Friday, February 8, 2008

History Lesson: Casual Friday

I am currently reading The End of Fashion by Teri Agins, a book recommended to me by one of my professors. I haven't gotten past page 12 yet because reading books for leisure in between perpetual textbook duty is near impossible... It's been compelling so far, though.

The book is- as you can easily deduce- about how fashion evolved. I'm not going to delve into that, though- instead, in honor of everyone's favorite day of the week, here's a history lesson on "Casual Friday":
Photo via Literanista

In the early 90s, Alcoa, a Pittsburgh based aluminum company, "became the first major corporation to sanction office attire." But how did this change come about?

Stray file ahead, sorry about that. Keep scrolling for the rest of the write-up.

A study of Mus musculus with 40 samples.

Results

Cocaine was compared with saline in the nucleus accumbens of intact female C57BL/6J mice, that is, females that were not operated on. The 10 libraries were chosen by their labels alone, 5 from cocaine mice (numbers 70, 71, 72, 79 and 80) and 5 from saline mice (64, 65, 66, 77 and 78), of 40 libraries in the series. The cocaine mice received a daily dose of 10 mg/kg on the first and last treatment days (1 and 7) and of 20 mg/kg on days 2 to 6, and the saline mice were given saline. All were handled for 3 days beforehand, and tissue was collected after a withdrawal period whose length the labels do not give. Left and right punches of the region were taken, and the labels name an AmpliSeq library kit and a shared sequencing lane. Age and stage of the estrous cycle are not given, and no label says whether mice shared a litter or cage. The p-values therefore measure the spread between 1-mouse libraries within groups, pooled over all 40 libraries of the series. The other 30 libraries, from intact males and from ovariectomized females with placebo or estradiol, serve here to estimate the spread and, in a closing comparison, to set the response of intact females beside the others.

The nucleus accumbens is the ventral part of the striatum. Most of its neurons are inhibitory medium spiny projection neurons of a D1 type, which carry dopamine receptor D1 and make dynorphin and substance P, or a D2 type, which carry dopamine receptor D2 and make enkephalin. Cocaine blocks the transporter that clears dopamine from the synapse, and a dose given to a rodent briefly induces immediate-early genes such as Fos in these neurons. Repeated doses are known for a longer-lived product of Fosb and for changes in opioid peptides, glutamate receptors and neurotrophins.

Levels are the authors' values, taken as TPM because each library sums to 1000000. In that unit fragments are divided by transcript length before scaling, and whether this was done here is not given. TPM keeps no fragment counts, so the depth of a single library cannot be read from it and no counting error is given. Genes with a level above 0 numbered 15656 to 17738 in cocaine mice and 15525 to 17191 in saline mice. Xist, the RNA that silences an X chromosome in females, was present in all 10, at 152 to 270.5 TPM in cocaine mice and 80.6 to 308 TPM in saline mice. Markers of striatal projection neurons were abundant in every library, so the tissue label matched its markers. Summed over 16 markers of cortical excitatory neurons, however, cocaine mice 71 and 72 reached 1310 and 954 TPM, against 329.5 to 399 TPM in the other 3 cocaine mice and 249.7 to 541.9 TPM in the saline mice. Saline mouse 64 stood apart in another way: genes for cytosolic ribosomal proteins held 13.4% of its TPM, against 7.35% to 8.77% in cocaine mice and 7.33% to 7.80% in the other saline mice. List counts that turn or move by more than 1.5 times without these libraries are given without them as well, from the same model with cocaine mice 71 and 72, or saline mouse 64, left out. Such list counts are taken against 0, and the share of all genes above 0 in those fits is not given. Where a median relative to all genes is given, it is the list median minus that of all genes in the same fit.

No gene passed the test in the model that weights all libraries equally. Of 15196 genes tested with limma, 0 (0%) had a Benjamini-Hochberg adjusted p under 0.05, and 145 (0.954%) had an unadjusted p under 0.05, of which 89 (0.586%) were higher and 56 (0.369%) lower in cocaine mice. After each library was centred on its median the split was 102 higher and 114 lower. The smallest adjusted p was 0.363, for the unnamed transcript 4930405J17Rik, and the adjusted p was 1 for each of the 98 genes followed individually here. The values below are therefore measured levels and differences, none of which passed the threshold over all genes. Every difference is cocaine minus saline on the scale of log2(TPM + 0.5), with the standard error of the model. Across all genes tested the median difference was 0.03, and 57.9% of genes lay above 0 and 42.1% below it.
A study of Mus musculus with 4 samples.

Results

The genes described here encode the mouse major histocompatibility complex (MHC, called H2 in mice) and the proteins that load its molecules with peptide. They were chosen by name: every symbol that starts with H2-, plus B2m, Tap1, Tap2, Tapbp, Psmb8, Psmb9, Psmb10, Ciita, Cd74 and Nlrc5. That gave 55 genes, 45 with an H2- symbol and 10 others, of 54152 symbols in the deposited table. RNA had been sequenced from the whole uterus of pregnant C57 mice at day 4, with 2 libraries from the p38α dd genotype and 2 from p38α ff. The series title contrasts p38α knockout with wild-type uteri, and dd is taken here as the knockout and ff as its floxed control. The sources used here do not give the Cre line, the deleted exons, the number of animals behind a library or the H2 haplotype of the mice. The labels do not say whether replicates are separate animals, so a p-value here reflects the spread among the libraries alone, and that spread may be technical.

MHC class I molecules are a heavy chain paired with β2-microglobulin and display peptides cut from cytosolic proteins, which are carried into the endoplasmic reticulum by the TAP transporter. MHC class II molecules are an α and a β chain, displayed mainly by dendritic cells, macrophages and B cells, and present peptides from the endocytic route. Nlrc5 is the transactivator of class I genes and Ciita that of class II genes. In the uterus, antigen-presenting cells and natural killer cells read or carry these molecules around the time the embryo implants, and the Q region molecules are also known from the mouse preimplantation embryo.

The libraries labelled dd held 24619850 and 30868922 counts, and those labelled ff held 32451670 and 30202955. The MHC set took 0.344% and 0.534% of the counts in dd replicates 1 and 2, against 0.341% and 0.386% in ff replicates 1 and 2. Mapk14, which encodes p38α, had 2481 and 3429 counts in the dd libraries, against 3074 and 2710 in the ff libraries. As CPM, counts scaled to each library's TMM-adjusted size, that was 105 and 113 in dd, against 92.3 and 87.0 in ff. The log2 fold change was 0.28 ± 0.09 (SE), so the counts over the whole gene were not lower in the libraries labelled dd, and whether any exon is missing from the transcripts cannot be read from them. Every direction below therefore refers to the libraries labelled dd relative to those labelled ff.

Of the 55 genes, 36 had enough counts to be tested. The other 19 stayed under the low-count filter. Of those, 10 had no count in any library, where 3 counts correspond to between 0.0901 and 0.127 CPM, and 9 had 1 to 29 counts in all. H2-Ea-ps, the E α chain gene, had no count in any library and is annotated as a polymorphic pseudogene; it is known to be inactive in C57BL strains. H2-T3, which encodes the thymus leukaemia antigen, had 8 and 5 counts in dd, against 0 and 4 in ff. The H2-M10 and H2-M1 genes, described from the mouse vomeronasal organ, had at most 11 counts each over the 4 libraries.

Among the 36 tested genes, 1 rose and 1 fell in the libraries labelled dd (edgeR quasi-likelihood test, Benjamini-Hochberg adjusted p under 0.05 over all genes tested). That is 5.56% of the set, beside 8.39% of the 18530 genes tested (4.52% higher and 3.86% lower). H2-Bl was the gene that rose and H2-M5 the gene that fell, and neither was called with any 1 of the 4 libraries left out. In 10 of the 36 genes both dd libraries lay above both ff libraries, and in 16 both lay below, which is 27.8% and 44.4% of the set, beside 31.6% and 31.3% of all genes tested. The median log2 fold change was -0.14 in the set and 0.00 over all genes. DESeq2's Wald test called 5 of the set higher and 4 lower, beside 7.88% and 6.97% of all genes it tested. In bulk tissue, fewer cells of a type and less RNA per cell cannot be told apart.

During a two-week fund drive, the company allowed contributors to dress informally. Employees liked dressing casually so much that the company changed the policy so that people could wear non-fussy clothes everyday.

Soon after, the rest of corporate America (ie. IBM and a slew of other corporations) followed along. Though some companies didn't completely abolish their cleaned-up dress coat, they at least allowed for one day of the week- Casual Friday- in which workers could dress however they pleased.

In a way, I guess you can blame sloppy dressing on Casual Friday. After all, it was a trend that swept the nation, helped shut down boutiques, and encouraged the masses to dress down.

1 comment:

Jen (MahaloFashion) said...

I wish guys still dressed up like they did back in the day, so classy.